Voice-powered assistants will get past gimmicks

Alphabet's Patrick Kavanagh on how the latest demos of the technology show just how game-changing it will be.

Google CEO Sundar Pichai demos some newly developed features of the company’s Assistant at this year’s Google I/O conference.

By Patrick Kavanagh

I have spent the entirety of my career focusing on the human experience, looking at the world through the lens of a sociologist. In the 15-plus years since I entered into the realm of experiential and immersive strategy, I’ve seen many shifts in the way we communicate. The current round of changes is creating a shift unimaginable when I first started.

Having a forensic phonetician as a partner has made me more aware of voice than ever before. Forensic phoneticians are able to parse every frequency of sound and analyse it with incredible accuracy. And the science that supports our attraction to different voices is endless. A 2010 American Institute of Physics study found that “males and females for the most part agreed on what an attractive male or female voice sounds like,” and suggests that certain voices can define how we see beauty, in all things. The voice is powerful because it’s an audible representation of beauty that brands have been using since broadcasting began.

As I was writing this piece, the latest demos for the Google AI Assistant and the Google Duplex system were released, and it’s game-changing. The demos further defines how voice technology is going to be a mainstay as a brand experience. It highlights that we’re certainly in the “gimmick phase” of voice, but brands are starting to take serious note as to how it may affect them.

It’s not news that we’re busy and always looking for ways to save time. As you’re putting your unique spin on mac and cheese in the kitchen, you can now check on your pets’ health. Ask Purina, in partnership with Alexa, lets users look into dog breeds and research health information for pets hands-free, creating a new breed of multitasking.

What is even more interesting is that voice technology will soon be able to track and understand nuance. This will be a mind-bending change in how we interact with assistants, with the potential for an emotional bond. Maybe not quite to the level of Samantha in Spike Jonze’s film Her, but as this technology evolves and brands develop their own unique trusted voice, the experience has the potential to be more nuanced than interacting with an unfamiliar shop assistant in a brick-and-mortar store.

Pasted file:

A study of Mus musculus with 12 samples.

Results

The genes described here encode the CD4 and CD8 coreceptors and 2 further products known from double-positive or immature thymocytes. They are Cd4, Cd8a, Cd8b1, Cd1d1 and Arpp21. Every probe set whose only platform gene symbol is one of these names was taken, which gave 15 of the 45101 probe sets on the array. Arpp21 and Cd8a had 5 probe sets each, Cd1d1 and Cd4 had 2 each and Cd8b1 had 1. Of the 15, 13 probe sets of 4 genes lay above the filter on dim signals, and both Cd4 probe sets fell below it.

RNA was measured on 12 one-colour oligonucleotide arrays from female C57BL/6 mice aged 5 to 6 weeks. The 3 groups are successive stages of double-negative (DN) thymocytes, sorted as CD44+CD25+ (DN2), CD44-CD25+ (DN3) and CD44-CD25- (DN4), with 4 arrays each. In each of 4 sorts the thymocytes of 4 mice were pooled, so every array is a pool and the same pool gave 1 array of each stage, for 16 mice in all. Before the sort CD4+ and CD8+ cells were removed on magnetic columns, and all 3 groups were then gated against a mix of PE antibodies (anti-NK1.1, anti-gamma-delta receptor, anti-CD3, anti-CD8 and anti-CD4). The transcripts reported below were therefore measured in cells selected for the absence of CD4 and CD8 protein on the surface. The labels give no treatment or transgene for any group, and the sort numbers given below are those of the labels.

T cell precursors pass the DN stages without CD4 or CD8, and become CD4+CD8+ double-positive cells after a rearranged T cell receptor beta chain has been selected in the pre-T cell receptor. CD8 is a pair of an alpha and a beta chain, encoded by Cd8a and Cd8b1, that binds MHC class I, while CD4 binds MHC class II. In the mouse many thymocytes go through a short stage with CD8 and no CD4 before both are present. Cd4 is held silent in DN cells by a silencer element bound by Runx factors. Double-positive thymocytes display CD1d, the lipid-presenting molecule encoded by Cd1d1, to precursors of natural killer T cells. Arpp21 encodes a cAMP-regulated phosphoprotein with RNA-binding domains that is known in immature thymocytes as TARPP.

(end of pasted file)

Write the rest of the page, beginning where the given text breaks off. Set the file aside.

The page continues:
And you don’t even need to leave your bedroom. This means that when I order my favourite libation, for example, the voice assistant will recognize my voice and select options based on my preferences; a few minutes later, my wife could make the same request and get a different set of selections. This all has a distinct sense of familiarity.

Not too long ago, mobile phone apps entered the market with a few “gimmicks,” like the pouring of the beer when we tipped our iPhones, the mildly useful carpenter’s level. If we remember those early years and compare them to today where we have incredibly complex apps that can manage large portions of our lives, the challenge for marketers will be developing content that is resonant enough to solve complex everyday problems.

As we see with the Purina example, this is certainly coming down the voice assistant pipeline. What will be vital is for brands to create a fluid, trusted voice that will understand our individual needs. The data captured from this will construct an incredibly complex algorithm that will have a detailed understanding of our purchasing and research habits. This will also be an unprecedented change in shopping habits and also be a further threat to bricks-and-mortar. We’ve seen over 7000 retail stores close in North America in 2017 alone.

Once we get past the gimmick stage, voice assistant technology is going to be a game-changing experience for both consumers and retailers. It’s just going to require marketers and brands to work together to develop some incredible experiences. This is happening, and it’s going to move fast. The brands that get involved early will be well placed to reap the rewards.

Patrick Kavanagh is director of brand experience at Ottawa-based agency Alphabet.